2000px-Anishinabe.svgWhile branding has a history tied to Madison Avenue, I recently realized that its roots go back much further.

A short time ago I had the privilege to hear First Nation Lakota tribe member Sadie Red Wing at an AIGA event.  She talked about how American Indians face identity challenges.  The range of difficulties from the lack of uniquely identifying its 566 tribes, to the lack of an alphabet that accurately communicates the history of the indigenous people.

Today with social media, brands rely on storytelling, no different than stories that are shared from generation to generation by tribal leaders.  Other aspects that are similar are the use of icons to communicate.  The resent use of infographic’s roots can be traced to tribe iconography that dates back thousands of years through the use of pictograms found in ancient dwellings. These drawing created stories without the use of an alphabet. They generated a platform or manifesto for tribes to differentiate themselves from others as well as position them within the First Nations hierarchy, no different than brands of today defining their position within a marketplace.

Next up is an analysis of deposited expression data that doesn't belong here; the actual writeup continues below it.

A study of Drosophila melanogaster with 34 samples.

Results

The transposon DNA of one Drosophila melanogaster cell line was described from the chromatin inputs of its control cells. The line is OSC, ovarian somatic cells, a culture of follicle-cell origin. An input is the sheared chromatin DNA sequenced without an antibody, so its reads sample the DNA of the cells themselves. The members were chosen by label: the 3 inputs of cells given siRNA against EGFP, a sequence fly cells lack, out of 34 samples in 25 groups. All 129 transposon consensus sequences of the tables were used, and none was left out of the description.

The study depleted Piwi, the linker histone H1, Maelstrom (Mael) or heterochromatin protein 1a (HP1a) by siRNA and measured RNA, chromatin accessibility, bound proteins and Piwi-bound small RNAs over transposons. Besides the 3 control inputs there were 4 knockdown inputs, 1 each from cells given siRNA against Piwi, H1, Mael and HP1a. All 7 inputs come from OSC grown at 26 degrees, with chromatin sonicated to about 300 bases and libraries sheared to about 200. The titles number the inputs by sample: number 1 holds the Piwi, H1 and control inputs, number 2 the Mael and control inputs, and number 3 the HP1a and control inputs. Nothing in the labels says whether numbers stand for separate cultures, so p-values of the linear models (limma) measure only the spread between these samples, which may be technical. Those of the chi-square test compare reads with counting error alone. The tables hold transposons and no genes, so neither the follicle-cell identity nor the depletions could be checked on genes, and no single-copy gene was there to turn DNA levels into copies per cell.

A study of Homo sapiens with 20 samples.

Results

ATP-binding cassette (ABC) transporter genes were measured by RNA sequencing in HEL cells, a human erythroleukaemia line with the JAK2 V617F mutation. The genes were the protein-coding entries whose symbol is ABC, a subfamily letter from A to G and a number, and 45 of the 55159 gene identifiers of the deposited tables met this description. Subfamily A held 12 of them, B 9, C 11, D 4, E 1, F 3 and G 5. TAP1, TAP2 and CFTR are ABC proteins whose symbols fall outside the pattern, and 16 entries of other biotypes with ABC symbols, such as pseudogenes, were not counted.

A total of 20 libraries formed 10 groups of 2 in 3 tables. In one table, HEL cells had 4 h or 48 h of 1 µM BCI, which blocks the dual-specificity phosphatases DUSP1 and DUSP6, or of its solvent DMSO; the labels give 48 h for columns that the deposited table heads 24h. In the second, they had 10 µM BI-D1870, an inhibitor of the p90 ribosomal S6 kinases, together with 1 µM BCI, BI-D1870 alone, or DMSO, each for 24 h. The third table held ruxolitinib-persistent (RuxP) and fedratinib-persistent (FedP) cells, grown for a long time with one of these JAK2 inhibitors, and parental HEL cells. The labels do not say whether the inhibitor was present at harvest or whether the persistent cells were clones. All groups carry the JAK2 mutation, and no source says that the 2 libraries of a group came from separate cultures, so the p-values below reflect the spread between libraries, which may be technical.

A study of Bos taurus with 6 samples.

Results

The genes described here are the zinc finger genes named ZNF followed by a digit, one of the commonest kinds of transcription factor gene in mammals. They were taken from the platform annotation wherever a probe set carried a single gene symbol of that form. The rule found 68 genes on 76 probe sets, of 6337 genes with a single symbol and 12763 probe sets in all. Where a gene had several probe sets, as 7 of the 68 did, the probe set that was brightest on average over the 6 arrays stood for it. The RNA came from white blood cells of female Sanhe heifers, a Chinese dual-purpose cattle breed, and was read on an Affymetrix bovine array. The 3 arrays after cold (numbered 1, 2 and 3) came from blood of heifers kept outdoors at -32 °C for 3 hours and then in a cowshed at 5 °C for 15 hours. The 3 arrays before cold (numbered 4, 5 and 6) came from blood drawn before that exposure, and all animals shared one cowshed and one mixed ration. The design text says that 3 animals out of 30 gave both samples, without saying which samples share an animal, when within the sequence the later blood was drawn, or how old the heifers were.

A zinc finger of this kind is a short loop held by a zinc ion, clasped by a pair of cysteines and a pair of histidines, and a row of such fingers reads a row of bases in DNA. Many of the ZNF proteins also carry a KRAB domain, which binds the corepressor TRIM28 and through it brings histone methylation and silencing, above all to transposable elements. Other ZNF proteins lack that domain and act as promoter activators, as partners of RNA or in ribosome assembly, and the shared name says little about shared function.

American residents also had a naming structure for themselves that created their personal identity no different than how personal brands are developed today.  Like Sadie Redwing’s tribal name “Her Shawl is Yellow”, it helps to define her as a person as well her place within her tribe, much like the naming architecture developed by businesses today to define products and sub-brands within a brand structure.

As you can see the development of brands is really nothing new, we just need to look at history to understand how it can be used.

To learn more about the work Sadie is doing to help First Nation tribes define themselves as well as develop tools for indigenous tribes and foster design as a communication tool visit her website at sadieredwing.com.